Inquirer.net/Asia News Network
Funded by the Korean Ministry of Science, a team led by professor Choi Kang-yell has come up with a protein called CXXC-type zinc finger protein 5, which can bind the disheveled protein that triggers hair loss. (Shutterstock/File)
Male pattern baldness continues to be the plight for men around the world, but a group of South Korean scientists may have found the cure.
Researchers from Yonsei University in Seoul have unraveled a potential drug candidate that aggressively targets the protein that blocks hair follicle growth.
The exciting discovery, as per The Korea Herald, may soon pioneer new forms of hair-loss treatments, which are currently limited to growth acceleration and delay of hair loss, rather than complete regeneration.
Funded by the Korean Ministry of Science, a team led by professor Choi Kang-yell has come up with a protein called CXXC-type zinc finger protein 5, which can bind the disheveled protein that triggers hair loss.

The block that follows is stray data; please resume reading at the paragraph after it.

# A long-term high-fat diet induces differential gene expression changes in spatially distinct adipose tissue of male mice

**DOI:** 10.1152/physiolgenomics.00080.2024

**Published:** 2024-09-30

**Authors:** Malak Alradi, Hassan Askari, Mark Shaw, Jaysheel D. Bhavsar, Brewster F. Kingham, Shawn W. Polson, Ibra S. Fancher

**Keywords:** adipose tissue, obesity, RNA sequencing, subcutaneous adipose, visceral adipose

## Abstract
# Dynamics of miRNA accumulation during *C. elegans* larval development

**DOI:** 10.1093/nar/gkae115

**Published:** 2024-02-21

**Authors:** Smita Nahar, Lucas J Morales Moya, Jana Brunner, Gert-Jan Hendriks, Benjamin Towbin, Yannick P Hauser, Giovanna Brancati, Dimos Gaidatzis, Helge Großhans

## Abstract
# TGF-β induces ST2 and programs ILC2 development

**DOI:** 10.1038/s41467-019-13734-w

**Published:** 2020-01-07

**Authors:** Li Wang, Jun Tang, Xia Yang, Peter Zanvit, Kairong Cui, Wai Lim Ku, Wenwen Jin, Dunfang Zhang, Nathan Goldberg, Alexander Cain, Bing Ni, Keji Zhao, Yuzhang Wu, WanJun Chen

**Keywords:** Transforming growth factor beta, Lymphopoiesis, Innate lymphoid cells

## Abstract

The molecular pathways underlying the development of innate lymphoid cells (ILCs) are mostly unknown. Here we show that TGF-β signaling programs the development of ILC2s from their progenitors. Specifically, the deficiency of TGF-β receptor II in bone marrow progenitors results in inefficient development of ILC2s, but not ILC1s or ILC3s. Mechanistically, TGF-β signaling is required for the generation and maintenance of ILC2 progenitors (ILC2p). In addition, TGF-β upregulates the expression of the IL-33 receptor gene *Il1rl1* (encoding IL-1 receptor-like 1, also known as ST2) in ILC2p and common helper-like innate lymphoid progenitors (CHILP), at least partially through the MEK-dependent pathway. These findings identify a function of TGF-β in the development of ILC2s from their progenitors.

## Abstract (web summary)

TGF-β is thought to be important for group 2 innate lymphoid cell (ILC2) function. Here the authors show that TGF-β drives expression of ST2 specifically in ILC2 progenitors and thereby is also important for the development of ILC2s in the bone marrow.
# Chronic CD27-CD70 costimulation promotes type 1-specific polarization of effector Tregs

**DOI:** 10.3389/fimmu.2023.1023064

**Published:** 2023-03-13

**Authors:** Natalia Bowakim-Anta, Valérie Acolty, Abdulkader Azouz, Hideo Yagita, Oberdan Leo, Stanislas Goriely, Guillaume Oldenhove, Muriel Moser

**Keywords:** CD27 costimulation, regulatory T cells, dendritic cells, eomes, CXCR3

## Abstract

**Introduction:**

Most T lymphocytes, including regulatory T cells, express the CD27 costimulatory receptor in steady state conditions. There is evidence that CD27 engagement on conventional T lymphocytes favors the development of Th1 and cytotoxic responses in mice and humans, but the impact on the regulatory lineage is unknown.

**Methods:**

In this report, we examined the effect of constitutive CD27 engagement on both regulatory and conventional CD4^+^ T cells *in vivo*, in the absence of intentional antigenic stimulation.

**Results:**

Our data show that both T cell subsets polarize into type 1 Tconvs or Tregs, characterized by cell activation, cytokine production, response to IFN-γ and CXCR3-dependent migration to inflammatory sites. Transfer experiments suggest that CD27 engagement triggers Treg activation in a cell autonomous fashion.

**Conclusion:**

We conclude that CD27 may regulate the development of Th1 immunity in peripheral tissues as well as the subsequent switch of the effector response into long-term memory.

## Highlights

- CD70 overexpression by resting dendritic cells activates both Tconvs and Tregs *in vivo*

“This newly developed substance is a first-in-class drug candidate. It is expected to become a treatment for not only hair loss and baldness but also for regenerating damaged skin tissue,” Choi explained.
Through these findings, the group managed to develop the biochemical substance, PTD-DBM, which prevents CXXC from binding with the badness-causing protein.
“Disrupting the CXXC5-Dishevelled interaction with a competitor peptide activated the Wnt/β-catenin pathway and accelerated hair regrowth and wound-induced hair follicle neogenesis,” an excerpt from the paper “Targeting of CXXC5 by a Competing Peptide Stimulates Hair Re-growth and Wound-Induced Hair Neogenesis” read.
Meanwhile, Professor Choi clarified that their findings were different from existing studies like MSD’s Propecia (finasteride), which simply slows down hair loss and cannot be applied to subjects with no hair follicles left.
The group is also aiming to forego typical side effects of hair-loss treatments, including impotence and abnormal ejaculation, caused by hormonal imbalances.
The group’s complete findings were published in the Journal of Investigative Dermatology last month.